Earlier this week, many of us in the Des Moines Twitter community learned about a rip-off of epic proportions: Local web startup SmartyPig had its CSS layout, logo and name carbon-copied by a Romanian company called TrustyPig.
Here is SmartyPig’s website (a legitimate, FDIC-insured company), designed by the legendary HappyCog:
And here is TrustyPig’s blatant rip-off:
A representative from SmartyPig had this to say in their Twitter stream to all their followers:
SmartyPig: B aware of trustypig.com. We are in NO Way affiliated with this Romanian ad outfit. Not sure what they are up to. But they have good taste.
Mike Ferarri, one of SmartyPig’s founders, expressed to me that he didn’t think there was any possible legal recourse since TrustyPig is located in Romania. That’s when the Twitter community decided to take matters into their own hands. I called for the organization of an angry mob. Andy Brudtkuhl got more specific and demanded a brand hijack, an effort which he led and organized with other Twitter users and bloggers.
A brand hijack is basically an orchestrated way to use blogs, SEO and social networks like Twitter and FriendFeed to “hijack” a brand’s placement in search engine listings. Andy further describes it in his blog post from August 11:
A brand hijack is an attempt to infuse a message as related to a brand. Often times companies do this internally or accidentally. Sometimes it starts from an external source. Most of the times it is viral. Rarely it is organized. Our goal is to takeover search results and word of mouth for the TrustyPig brand in order to communicate our message to any of TrustyPig’s potential customers.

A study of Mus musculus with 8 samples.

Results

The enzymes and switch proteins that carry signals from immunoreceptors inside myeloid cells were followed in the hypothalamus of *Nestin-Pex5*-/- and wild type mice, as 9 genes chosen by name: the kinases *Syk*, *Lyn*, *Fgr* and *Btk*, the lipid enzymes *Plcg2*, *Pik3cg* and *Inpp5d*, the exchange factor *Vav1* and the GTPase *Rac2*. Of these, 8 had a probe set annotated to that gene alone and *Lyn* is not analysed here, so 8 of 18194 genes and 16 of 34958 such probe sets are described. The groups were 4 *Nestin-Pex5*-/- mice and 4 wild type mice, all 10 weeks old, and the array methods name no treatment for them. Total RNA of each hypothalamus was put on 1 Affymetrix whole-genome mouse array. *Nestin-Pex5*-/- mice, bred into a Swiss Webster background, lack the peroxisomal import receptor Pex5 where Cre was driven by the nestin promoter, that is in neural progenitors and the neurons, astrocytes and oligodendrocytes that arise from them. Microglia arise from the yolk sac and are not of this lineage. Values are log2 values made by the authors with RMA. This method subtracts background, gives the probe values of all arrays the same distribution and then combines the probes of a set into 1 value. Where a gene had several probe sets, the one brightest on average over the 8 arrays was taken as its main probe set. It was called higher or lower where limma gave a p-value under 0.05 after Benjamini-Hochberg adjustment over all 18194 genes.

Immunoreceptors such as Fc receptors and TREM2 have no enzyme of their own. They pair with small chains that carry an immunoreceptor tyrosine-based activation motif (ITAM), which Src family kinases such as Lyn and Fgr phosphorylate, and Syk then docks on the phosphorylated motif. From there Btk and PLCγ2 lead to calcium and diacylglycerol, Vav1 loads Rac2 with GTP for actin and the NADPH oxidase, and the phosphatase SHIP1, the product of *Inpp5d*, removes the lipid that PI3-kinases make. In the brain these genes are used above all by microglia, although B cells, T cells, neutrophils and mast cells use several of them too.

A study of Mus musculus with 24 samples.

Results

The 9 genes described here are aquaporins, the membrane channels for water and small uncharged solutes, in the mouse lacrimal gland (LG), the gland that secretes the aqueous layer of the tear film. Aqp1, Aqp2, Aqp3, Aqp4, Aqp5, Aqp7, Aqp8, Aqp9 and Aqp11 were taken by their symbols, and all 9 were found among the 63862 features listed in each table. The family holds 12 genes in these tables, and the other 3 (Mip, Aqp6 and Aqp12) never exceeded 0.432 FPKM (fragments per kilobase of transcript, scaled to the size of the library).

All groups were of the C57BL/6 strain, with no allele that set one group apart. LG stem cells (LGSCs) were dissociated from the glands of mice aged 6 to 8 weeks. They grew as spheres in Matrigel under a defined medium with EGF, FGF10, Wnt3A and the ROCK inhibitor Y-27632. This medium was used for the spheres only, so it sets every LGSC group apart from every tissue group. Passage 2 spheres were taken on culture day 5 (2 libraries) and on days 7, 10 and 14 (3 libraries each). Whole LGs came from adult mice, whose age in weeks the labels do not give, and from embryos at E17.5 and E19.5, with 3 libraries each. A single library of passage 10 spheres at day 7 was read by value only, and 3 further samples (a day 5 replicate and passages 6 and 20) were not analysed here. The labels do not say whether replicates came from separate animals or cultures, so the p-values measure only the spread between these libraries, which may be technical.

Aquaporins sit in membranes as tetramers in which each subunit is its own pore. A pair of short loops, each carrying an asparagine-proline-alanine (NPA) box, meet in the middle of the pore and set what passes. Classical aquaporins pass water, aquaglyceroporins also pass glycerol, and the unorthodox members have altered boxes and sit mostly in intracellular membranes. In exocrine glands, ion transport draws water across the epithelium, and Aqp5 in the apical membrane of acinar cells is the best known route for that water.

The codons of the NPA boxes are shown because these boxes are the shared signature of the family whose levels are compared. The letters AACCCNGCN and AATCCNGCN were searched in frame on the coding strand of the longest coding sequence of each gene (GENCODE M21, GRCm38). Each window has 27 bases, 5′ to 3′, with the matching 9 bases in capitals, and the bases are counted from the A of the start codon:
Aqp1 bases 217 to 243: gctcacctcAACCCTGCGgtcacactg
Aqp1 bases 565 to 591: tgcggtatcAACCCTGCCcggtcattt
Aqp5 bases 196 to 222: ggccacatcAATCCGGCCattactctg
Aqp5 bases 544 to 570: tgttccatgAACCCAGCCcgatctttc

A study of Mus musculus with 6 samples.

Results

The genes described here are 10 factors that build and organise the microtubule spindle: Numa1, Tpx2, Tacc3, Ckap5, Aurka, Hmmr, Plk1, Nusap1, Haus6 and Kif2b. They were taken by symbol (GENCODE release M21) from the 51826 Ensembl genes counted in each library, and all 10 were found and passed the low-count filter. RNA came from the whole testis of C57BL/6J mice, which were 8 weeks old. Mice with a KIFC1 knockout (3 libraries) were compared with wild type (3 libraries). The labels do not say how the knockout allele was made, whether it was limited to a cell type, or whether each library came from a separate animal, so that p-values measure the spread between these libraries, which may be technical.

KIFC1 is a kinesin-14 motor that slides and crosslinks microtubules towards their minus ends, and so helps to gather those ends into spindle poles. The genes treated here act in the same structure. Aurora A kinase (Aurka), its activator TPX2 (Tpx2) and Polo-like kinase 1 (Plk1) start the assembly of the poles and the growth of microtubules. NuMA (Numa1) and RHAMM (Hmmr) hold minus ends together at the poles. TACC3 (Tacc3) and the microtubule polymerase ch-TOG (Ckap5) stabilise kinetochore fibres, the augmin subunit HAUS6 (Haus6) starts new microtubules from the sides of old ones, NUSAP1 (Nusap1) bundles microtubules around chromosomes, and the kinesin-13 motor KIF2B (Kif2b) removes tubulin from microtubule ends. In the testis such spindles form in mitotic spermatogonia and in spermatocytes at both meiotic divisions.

Below is a screenshot of how effective Andy’s efforts were:
So this is a perfect example of why every company, including yours, should work their asses off to have brand enthusiasts — loyal customers who will take time out of their own schedules to defend your image.
In the first year that they’ve been in business, SmartyPig has fostered a community of customer evangelists by accomplishing the following:
- Creating an innovative, killer product: An online piggy bank that helps users visualize and share their savings goals while allowing others to contribute.
- Providing amazing customer support.
- Use of a popular social network (Twitter) to engage in real, authentic conversations with their customers. This beats an advertisement any day.
Two days after the brand hijack project began, TrustyPig changed their web design and we declared victory:
Let’s sum this up. By working hard to foster a loyal customer base, SmartyPig ended up spending zero dollars in legal fees when faced with this trademark infringement issue. The Twitter Mob took care of it for them.
Follow the SmartyPig vs. TrustyPig conversation:
TrustyPig steals SmartyPig website via NerdFlood.com
TrustyPig – A Webjacker Gets Pwned via BlawgIT.com
TrustyPig.com Rips Off SmartyPig.com design via TroyRutter.com
Brand Hijack – Blogging via Getanewbrowser.com
TrustyPig – Social Brand Hijack via Getanewbrowser.com
(More links to conversations can be found on del.icio.us.)